Data from the ARTS trial suggests Dutesteride may be beneficial in patients who have failed radical treatment for prostate cancer.

Data from the ARTS trial suggests Dutesteride may be beneficial in patients who have failed radical treatment for prostate cancer.

In an article by Schröder et al published in Europe Urol (2012) the authors show that Dutesteride can delay PSA rise in patients that have failed radical treatment for prostate cancer. The study, known as the ARTS trial, recruited 294 subjects that were randomised to either Dutesteride or placebo (147 in each treatment group). Only 187 (64%) completed 24 mo of treatment. In these patients Dutasteride significantly delayed the time to PSA doubling (p<0.001); the relative risk (RR) reduction was 66 % for the overall study period. Dutasteride also significantly delayed disease progression (p<0.001); the overall RR reduction in favour of dutasteride was 59%. The incidence of adverse events (AEs), serious AEs, and AEs leading to study withdrawal were similar between the treatment groups and in line with previously published data. A limitation of the study was that investigators were not blinded to PSA levels during the study.

Falling quality of human semen

In an article published in Human Reproduction (2012), the authors show that sperm concentration in semen of French men fell by 32% over a 17 year period. 26 609 partners of totally infertile women undergoing an assisted reproductive technology (ART) procedures in the whole of France were studied between 1989 and 2005. There was a continuous decline in concentration during this time.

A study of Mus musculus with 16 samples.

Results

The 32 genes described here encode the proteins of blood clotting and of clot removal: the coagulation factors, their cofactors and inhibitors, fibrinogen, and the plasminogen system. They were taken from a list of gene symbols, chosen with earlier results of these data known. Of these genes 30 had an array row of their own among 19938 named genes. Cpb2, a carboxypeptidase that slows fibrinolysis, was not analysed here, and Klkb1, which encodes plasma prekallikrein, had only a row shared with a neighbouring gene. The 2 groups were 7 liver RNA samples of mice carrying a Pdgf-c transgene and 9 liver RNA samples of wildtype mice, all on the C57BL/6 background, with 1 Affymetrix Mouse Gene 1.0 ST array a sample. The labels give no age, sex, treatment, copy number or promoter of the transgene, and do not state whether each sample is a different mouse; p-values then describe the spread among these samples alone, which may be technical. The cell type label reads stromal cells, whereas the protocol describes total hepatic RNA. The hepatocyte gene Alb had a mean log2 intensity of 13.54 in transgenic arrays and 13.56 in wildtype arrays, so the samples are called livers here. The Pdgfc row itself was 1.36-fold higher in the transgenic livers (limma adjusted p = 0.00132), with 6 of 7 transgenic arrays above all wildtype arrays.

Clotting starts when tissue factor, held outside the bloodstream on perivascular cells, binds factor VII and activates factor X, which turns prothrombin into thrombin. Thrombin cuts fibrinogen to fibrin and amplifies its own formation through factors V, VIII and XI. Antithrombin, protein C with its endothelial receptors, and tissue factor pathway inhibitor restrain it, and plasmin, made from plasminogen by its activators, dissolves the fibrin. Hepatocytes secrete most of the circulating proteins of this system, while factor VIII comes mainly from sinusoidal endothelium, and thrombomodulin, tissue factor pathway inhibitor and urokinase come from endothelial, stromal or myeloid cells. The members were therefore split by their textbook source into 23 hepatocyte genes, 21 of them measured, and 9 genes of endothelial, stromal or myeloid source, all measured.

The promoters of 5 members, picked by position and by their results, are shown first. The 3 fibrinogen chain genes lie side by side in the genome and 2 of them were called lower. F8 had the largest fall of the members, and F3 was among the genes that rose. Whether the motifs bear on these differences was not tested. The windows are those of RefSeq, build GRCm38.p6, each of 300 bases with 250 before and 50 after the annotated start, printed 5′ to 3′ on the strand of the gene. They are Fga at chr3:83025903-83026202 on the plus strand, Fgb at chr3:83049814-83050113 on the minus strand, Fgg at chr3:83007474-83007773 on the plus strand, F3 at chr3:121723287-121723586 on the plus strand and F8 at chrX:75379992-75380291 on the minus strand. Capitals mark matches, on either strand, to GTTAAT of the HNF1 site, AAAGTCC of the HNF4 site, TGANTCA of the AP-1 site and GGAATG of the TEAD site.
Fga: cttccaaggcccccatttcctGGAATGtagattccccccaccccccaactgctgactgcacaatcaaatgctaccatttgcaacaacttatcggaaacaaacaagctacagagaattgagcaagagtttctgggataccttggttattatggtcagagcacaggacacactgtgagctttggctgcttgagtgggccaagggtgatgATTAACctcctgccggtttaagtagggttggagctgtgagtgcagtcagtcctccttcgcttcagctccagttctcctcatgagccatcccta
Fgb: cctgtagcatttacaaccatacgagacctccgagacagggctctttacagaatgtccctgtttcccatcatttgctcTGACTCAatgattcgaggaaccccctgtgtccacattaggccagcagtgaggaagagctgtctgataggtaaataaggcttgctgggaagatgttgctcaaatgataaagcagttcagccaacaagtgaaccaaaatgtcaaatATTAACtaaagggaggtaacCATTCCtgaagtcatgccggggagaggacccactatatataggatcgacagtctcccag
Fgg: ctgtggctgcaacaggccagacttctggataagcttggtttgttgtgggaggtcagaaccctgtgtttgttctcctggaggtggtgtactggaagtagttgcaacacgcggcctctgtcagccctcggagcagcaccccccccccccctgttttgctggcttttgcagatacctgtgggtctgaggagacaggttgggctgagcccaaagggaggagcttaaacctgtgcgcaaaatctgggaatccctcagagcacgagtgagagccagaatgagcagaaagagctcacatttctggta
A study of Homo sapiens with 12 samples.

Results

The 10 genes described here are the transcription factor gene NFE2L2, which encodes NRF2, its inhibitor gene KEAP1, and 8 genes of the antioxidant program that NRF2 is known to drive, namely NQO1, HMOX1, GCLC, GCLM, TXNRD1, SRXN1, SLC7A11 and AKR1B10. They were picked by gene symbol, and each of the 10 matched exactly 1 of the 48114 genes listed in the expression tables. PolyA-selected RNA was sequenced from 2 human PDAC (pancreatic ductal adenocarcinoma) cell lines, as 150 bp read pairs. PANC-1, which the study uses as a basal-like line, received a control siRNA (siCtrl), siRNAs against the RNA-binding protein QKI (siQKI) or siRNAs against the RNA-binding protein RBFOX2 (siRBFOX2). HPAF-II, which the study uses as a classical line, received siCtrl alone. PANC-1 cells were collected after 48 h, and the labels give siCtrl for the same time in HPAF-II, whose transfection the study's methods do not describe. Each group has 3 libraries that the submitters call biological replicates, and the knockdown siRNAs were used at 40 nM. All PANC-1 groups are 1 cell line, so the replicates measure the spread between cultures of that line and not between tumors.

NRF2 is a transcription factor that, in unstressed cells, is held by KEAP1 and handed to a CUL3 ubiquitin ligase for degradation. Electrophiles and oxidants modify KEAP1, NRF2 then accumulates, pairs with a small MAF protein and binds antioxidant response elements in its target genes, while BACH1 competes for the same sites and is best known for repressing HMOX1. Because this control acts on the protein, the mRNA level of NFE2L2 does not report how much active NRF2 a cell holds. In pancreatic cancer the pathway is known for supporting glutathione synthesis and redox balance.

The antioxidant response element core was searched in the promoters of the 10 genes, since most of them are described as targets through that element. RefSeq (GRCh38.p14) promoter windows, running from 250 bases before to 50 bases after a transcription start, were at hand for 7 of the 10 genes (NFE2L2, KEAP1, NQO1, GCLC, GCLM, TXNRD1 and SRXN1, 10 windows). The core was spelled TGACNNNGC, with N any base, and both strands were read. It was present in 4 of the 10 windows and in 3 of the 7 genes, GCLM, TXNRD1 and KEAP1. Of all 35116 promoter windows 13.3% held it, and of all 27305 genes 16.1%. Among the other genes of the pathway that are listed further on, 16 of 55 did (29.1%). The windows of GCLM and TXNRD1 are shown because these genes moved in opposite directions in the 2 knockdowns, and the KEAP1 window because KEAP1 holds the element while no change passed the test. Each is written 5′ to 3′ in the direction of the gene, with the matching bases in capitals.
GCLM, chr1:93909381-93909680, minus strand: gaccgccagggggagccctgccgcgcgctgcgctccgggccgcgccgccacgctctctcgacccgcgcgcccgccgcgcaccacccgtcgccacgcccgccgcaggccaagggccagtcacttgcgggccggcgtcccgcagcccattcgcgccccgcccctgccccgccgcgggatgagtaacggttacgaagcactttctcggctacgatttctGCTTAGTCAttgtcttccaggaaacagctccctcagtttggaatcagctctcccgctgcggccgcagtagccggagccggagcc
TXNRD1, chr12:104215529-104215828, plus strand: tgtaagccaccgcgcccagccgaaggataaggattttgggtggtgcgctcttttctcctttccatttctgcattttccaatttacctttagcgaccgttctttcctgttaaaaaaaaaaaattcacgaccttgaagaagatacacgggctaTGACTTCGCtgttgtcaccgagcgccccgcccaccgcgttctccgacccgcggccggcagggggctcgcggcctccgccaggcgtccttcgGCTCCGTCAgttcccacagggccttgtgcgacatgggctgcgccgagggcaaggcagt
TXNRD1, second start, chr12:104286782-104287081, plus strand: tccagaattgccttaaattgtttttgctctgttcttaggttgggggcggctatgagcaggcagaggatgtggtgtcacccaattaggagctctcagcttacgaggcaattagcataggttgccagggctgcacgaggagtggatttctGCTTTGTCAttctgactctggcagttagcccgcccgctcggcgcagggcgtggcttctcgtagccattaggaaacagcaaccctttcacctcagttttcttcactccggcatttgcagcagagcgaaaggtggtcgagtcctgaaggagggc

This study adds to the debate about a global decrease in human sperm quality. Many small and sometimes methodologically flawed studies have reported similar temporal trends. There is growing biological, toxicological, experimental and human exposure data to support the endocrine disruptors’ hypothesis assuming that foetal exposure to endocrine disruptors could impair reproductive outcomes.

Contemporary American morbidity and mortality for radical cystectomy

Using a population-based cohort study of over 50,000 patients who underwent radical cystectomy in USA between 2001-2008, the authors report no change in complication or mortality rates over this time period. The study, which was published in BJUI (2012), reports that about 29% and 2% of patients undergoing RC will experience a postoperative complication or die during hospitalisation, respectively. Results were better for high volume centres that performed 25 or more cystectomies per year.

The combination of testosterone and sildenafil is no better at treating erectile dysfunction than sildenafil alone.

In a double blind placebo controlled trial published in Ann Intern Med (2012) the authors investigate whether men with both erectile dysfunction and low serum testosterone should add testosterone gel to their regular treatment with sildenafil. They report that the extra testosterone made no difference to erectile function scores or any other measure of sexual wellbeing in middle aged men, despite serum concentrations of testosterone increasing to within normal limits.